IS it just me, or would you expect someone who has been employed as a television presenter to have a professional command of the English language as a basic requirement?
The other evening I was watching a documentary and the presenter’s constant response to everything she was shown by the people featured in the programme was “Wow” and “Oh, wow”. It was on Channel 4 so I was willing to make allowances, but then it happened again on the BBC with two presenters frequently resorting to “Wow”.
One of those same individuals was a Muslim but it clearly wasn’t a concern to him that he repeatedly took God’s name (not Allah, but God) in vain. I would have actually preferred it if he had simply reverted to “Wow” instead, as annoying as that would have been.
We continue to have people – interviewers and interviewees – using terms like “very unique”, “absolutely unique”, “quite unique”, “the most unique” and so on. I find myself constantly, but fruitlessly, lecturing my television set on the fact that there are no degrees to uniqueness – something is either unique or it isn’t.
There’s also the use of singular subjects with plural verbs or vice-versa. For example: “If any of us are ready” – any(one) is the subject of the verb, not us, and so “If any of us is ready”. It’s the same with “One in three people are…” The subject of the verb is the one, not the three, and therefore it should be “One in three people is…” “And neither do the government” – government is singular and so “And neither does the government”.
The current endemic disease for answering a question with the word “So” continues to spread. Question: “How long you have worked here?” Answer: “So, I started when I was 16.” Question: “What do you like about Yorkshire?” Answer: “So, I find the people very friendly.” Who teaches this stuff? Who decides everyone should start talking this way? So….
And don’t get me started on the rising inflection at the end of sentences. Don’t people listen to themselves?
Another very annoying trait amongst certain BBC interviewers on radio and television is persistently interrupting the people they are interviewing. It’s very discourteous and rude. I don’t know why interviewees don’t point out that they were invited onto the programme to answer questions and that unless the interviewer is prepared to let them do that, then they might as well leave. I would, but then the Beeb would never ask me.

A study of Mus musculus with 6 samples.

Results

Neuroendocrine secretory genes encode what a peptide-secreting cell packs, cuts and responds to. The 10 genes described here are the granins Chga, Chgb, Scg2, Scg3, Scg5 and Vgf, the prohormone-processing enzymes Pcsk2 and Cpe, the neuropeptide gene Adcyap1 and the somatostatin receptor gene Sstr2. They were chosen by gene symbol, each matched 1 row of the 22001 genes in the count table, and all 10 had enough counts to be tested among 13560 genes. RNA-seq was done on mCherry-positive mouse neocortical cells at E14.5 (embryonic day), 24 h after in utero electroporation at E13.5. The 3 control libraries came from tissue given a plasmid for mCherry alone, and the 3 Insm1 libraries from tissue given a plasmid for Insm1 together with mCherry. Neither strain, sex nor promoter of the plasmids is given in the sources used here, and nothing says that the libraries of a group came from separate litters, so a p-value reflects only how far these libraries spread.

Something else I have noticed and that I suppose must fall into the category of “political correctness” is the use, or not, of subtitles.
There was a documentary recently about the cotton industry in Paisley. Some of the people being interviewed had particularly strong local accents but it had obviously been considered politically incorrect to provide viewers with subtitles, the presumption being that everyone ought to be able to understand a Scottish accent.
And yet if a programme involves a foreign speaker – from Africa or Asia for example – there will almost certainly be subtitles, the automatic presumption in this case being that we won’t understand what is being said without them. Isn’t that slightly racist?
And while we are talking about subtitles, it’s not too much of a stretch to mention the on-screen information provided by end-of-programme credits and news straplines.
Have you ever been waiting to check the name of someone in a play or a film only to have the broadcaster squash the credits to one side of the screen so they can show some unrelated self-promotional programme information at the same time – so squashed, in fact, that the names are unreadable?
Or you are sitting watching the BBC news waiting for some headline to come around again on the rolling strapline at the bottom of the screen, and just as it’s about to they switch to the weather forecast and the strapline disappears. Why it can’t be left on-screen during the forecast I don’t know – it would only mask the north of France and some might say that’s a good thing.
It’s the same with Sky Sports. You sit watching an interminable series of league tables on the right side of the split screen waiting for the one that is of interest to you, and just as it’s about to appear they go to a full-screen commercial break. If the Sky Sports presenters and pundits can be reduced to a split screen throughout the programme, surely the adverts are no more important?
And before anyone asks, yes, I do have other things to do than sit in front of the television all day – this is just a smattering from the time that I do – so just think how much worse things may be. Pedants of the world unite!
Father Neil McNicholas is a parish priest in Yarm.